In previous posts, I’ve talked the new .NET Core CLI commands and the enhanced NuGet commands in Entity Framework Core. This post dives into some of the changes we’ve made to enhance the design-time experience of Migrations.
Enable-Migrations to output the following message.
The term ‘Enable-Migrations’ is not recognized as the name of a cmdlet, function, script file, or operable program. Check the spelling of the name, or if a path was included, verify that the path is correct and try again.
Just kidding. We’ve removed it.
DbMigrationsConfiguration has been removed; thus, there’s no need for
Enable-Migrations. To start using Migrations,
Automatic migrations were awesome …for demos. We’ve removed them in EF Core, and I have an appointment scheduled with Dr. Howard Mierzwiak to remove them from my memory.
Automatic migrations worked by diffing the last-known model against the current model. The last-known model may be stored in either the last explicit migration (i.e. non-automatic) or in the database if it comes from another automatic migration. Because the last migration may not be an explicit migration, we always had to look in the database. Since we always looked in the database, we wouldn’t allow you to scaffold multiple migrations without first applying them. Automatic migrations also required us to store both the source and target models for each explicit migration that succeeded an automatic migration. Are you starting to see how these may have hindered the design-time experience?
By removing automatic migrations in EF Core, we’re able to…
- Stop storing model snapshots in the database
- Stop querying the database on
Add-Migrationwithout applying the last migration
- Stop storing source model snapshots in the migrations
To see just how awesome all of this is, try the following.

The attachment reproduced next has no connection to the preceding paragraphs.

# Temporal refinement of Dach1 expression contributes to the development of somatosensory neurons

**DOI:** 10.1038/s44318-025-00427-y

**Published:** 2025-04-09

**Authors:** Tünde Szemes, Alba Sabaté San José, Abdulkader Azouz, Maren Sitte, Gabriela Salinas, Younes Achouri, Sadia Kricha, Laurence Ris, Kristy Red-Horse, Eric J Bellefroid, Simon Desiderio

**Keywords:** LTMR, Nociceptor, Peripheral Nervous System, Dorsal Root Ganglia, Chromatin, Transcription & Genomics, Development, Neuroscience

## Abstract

Add-Migration M1 # (Tweak the model) Add-Migration M2 # Would fail on EF6 # (Tweak the model) Add-Migration M3 Apply-Migration # Applies M1, M2 & M3
Model snapshots are awesome. The allow us to diff against your current model and scaffold the operations to get your database up to date. They did, however, cause a lot of problems in one particular area: team environments. We have an entire article, Code First Migrations in Team Environments, that describes these problems and how to avoid them.
The heart of the problem is that we stored the model snapshot inside each individual migration. By doing this, we lost all of the automatic merging and conflict detection that source control management provides.
To fix this, we’ve moved the model snapshot into its own file. Now, when you pull in another migration that someone else authored, you will get merging and conflicts from source control just like any other file. If you do get a legitimate conflict, however, you’ll probably need to manually update one of the migration files. For example, if they renamed column A to B, and you renamed column A to C, update yours to rename column B instead.
As full disclosure, we actually do still store a model snapshot in each migration, but it’s not used for diffing. It’s there in case you or a provider need to inspect the model for additional information during a migration.
One consequence of moving the model snapshot is that you can no longer simply delete migration files. The model snapshot
also has to be reverted. Otherwise, your next
Add-Migration will diff against a model that is incorrect. To help do
this, we’ve added the
Remove-Migration command. It will delete the last migration’s files and revert the model
snapshot. It’s also smart enough to detect when the migration’s files have been manually deleted and, if they have, just
revert the model snapshot.
It’s Your Code
We’ve also done a few things to let you have greater control over your code.
Migrations can now span multiple namespaces. For example, if you want to group them by, say, what release cycle they
were created for you could have some in
MyProject.Migration.V1_0 and some in
Add-Migration is even smart enough to create new migrations in the same namespace and folder as the last one.
Like in EF6, you can put migrations in a separate assembly. Though in EF Core, we removed some of the pain. Just remember to always invoke Migrations commands on the project containing the migrations.